Hugh Paxton’s Blog hasn’t presented one of his prestigious “Dope of the Day Awards” for some time (check blog archives for a collection of previous winners – some beggar belief!). This lapse doesn’t mean that everybody has been acting sensibly. Dopes are still, and always have been, in ready supply. It’s this broken arm of mine that is to blame for the recent drought in Dope blog posts. It’s rather slowed down output. But the light is at the end of the tunnel, physio is almost over and in another ten days I fully anticipate a complete recovery. Now that I have rediscovered the use of my right limb the urge to write is upon me again! And what better way to start than with a Dope of the Day Award.
Scene: A snake product shop on Thailand’s Phuket ‘holiday paradise’ island.
Date: Last weekend.
Cast: Young, over-excited female Chinese tourist.
A Burmese python.
Regular readers of this Blog will remember that a python ate our cat by our outside washing machine just before midnigh last November. I originally identified it as a 4 meter Burmese. A second measurement and quick consultation with a reptile book established that it was in fact a 6 meter reticulated python, the longest snake in the world capable of achieving lengths at least twice that of our nocturnal guest cat gulping guest. Anacondas are the heaviest but in the length stakes the Reticulated is king. This, while impressive, is not my point. I didn’t particularly like my cat although it loved me dearly. We rescued ‘Treats’ from an animal shelter during the major Bangkok floods four years ago (or was it five?) as well as a semi-demented tabby called ‘Autumn Zoolander’ that had fallen (fall – Autumn) from a six story building and initially could only walk in circles (hence Zoolander after the movie character). Treats was part of a pair ‘Trick’ and ‘Treats“; both pure black with large golden eyes and Thai tail. Some people think Thais eat cat tails but if you see a cat here with just a small twisted stub or a tiny blunt nub it is not down to a sadistic chef with a meat cleaver, it is a genetic trait. Autumn was an anti-social basket case and was eaten, probably by a King cobra or more likely yet, a python. But yes, Treats doted on me. On my part I found its habit of torturing and killing small reptiles aggravating. A dead gecko means more uneaten hyper-reproductive mozzies hell bent on my blood and possibly laden with Dengue Fever virus. It was Treats’ aggressive behavior or perhaps just curiosity that killed this cat. My dog would have just run away or bayed from a distance. I have no doubt that Treats steamed in snarling. When I found the snake the Treat bulge was one meter behind the head. But, while obviously dead, its neck bell was still giving off muted tinkles. My wife, who loved Treats, started forwards impulsively calling “Treats! Treats!” as if this might encourage the cat to reappear unharmed. All snakes dislike noise and sudden movements. Most flee. Pythons mid-meal don’t. With lightning speed it pulled its head back and struck. The range thankfully was too great, or more likely it was a warning strike not intended to make contact. No harm done. Later I approached it slowly and noiselessly and closely examined its wonderful head and throat colouration without provoking a hostile reaction. Slow, calm, quiet – that is the way to approach a snake.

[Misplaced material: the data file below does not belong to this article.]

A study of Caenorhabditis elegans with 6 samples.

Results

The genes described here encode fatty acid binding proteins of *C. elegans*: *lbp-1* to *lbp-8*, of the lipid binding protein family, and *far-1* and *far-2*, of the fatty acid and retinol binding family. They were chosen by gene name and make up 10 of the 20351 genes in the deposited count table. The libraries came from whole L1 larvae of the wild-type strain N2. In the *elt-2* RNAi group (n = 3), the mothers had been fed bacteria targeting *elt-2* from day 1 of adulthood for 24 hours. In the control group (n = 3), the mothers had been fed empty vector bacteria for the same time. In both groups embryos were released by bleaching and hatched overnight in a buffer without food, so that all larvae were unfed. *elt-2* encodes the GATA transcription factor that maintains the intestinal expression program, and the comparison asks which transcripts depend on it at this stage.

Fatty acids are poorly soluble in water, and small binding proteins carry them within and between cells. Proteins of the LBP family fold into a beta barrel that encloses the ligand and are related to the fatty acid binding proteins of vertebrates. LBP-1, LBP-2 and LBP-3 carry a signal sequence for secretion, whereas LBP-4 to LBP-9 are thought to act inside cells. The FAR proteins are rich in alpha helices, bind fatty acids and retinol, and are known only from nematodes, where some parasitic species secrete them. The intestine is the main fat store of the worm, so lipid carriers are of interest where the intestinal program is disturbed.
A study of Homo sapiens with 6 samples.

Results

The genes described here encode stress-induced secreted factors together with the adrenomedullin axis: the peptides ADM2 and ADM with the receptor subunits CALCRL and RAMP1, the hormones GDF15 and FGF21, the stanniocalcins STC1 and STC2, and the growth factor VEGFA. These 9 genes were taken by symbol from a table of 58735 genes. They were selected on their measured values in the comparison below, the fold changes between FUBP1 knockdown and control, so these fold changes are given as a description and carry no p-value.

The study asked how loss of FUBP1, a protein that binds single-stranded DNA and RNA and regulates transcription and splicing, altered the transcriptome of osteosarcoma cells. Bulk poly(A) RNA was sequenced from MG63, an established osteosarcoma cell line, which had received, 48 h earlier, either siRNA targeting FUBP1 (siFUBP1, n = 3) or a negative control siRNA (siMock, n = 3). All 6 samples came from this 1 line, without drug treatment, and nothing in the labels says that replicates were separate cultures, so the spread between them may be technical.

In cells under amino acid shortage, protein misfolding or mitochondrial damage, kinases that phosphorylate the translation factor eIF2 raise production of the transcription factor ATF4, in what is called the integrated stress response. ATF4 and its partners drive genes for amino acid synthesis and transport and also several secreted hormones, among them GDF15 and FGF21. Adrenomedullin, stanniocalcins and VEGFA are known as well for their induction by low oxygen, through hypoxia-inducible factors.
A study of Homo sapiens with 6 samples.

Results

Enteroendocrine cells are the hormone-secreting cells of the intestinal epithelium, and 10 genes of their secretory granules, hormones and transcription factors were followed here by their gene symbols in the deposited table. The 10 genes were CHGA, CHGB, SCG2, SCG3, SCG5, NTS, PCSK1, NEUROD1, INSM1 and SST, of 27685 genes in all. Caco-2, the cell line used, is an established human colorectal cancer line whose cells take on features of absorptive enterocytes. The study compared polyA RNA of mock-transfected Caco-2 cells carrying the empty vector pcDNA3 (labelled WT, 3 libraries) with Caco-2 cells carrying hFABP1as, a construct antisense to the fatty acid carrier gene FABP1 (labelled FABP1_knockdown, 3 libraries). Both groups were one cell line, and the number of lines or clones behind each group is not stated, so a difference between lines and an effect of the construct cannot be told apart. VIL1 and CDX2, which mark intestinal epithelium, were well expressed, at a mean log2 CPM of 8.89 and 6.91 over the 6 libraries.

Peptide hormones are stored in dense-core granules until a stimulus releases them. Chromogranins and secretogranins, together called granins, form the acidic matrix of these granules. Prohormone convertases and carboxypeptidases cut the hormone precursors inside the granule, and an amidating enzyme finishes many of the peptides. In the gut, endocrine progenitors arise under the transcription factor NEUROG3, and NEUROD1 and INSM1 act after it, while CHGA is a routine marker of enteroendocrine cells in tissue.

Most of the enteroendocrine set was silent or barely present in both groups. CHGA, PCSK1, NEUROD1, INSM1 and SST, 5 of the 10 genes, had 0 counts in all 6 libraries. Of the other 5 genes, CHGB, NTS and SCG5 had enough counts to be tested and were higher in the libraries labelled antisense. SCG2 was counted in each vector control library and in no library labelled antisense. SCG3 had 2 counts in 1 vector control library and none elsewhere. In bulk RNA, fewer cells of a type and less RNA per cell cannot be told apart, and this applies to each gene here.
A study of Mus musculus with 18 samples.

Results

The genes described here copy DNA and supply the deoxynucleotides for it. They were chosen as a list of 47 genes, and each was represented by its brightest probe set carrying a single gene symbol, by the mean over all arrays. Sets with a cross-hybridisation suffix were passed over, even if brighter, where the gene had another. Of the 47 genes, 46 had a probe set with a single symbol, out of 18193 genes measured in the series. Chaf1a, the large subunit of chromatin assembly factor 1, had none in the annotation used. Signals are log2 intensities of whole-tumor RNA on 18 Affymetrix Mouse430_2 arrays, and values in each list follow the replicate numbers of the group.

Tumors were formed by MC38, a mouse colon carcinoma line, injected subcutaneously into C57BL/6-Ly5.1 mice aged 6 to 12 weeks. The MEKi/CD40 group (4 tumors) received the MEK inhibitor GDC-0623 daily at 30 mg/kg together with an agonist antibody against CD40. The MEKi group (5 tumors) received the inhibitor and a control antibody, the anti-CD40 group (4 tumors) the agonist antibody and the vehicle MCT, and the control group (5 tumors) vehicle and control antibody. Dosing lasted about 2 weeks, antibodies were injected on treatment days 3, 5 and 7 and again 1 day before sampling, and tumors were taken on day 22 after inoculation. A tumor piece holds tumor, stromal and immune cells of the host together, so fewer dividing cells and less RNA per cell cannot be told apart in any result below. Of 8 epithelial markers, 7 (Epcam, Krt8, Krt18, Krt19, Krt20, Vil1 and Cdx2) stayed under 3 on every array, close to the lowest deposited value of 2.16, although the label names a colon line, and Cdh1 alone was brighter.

This brings us to today’s Award-winning Dope. Chinese tourists are visiting Thailand in ever-increasing numbers and have rapidly established a reputation for being culturally inept, herd inclined, disaster prone buffoons. They bring picnics to IKEA and then sleep it off on the display beds, they sit on Buddha heads in temples, all manner of malarkey. Basically most are nouveau riche peasants with suspicious squints at smiling Thais, a craving for designer goods, but above all an obsession with acquiring photos of themselves. Today’s Chinese Dope like many of her fellow countrymen made a beeline for one of the many quack Traditional Chinese Medicine shops that blight this country and prolong the trade in endangered, protected or even common wildlife species. The Phuket snake oil emporium was just that. It sold dubiously beneficial snake products. Its mascot was an un-pickled python and it not only featured on the brochure but was handed to thrilled, giggling, revolted customers who could have photos taken of them daringly touching it. As the late lamented David Bowie sang “You can be a hero…”. I’m all in favour of touching snakes in controlled conditions. It is an education, dispels stupid notions of sliminess, and instead rewards the toucher with a delicate skin texture of soft, dry, almost powdered silk.
The Dope on an adrenaline high and yakking and shuddering with delightful terror decided that the ultimate photo to take back to where-the-f***k Chengdu and impress her hobbled hoi neighbours would be her kissing the snake.
I explained her decision to my daughter.
“That’s disgusting, Daddy!”
“The snake’s thoughts exactly!” I responded. “I’d have felt exactly the same way.”
The python reared back and lunged. It missed the cherry red and lipstick slathered puckered lips and fastened on her nose. A battering ram with teeth. Severe bruising, screaming, soiled underwear and eight stitches later she left Thailand almost immediately. Her escapade was filmed as she had intended and one of the videos has gone viral. My guess is that all the peasants back home that she had hoped to shock and impress are enjoying repeats immensely! As is the rest of China.
BLOG ED NOTE: The python involved is a protected species and is in no danger. The shop owner paid the woman some money.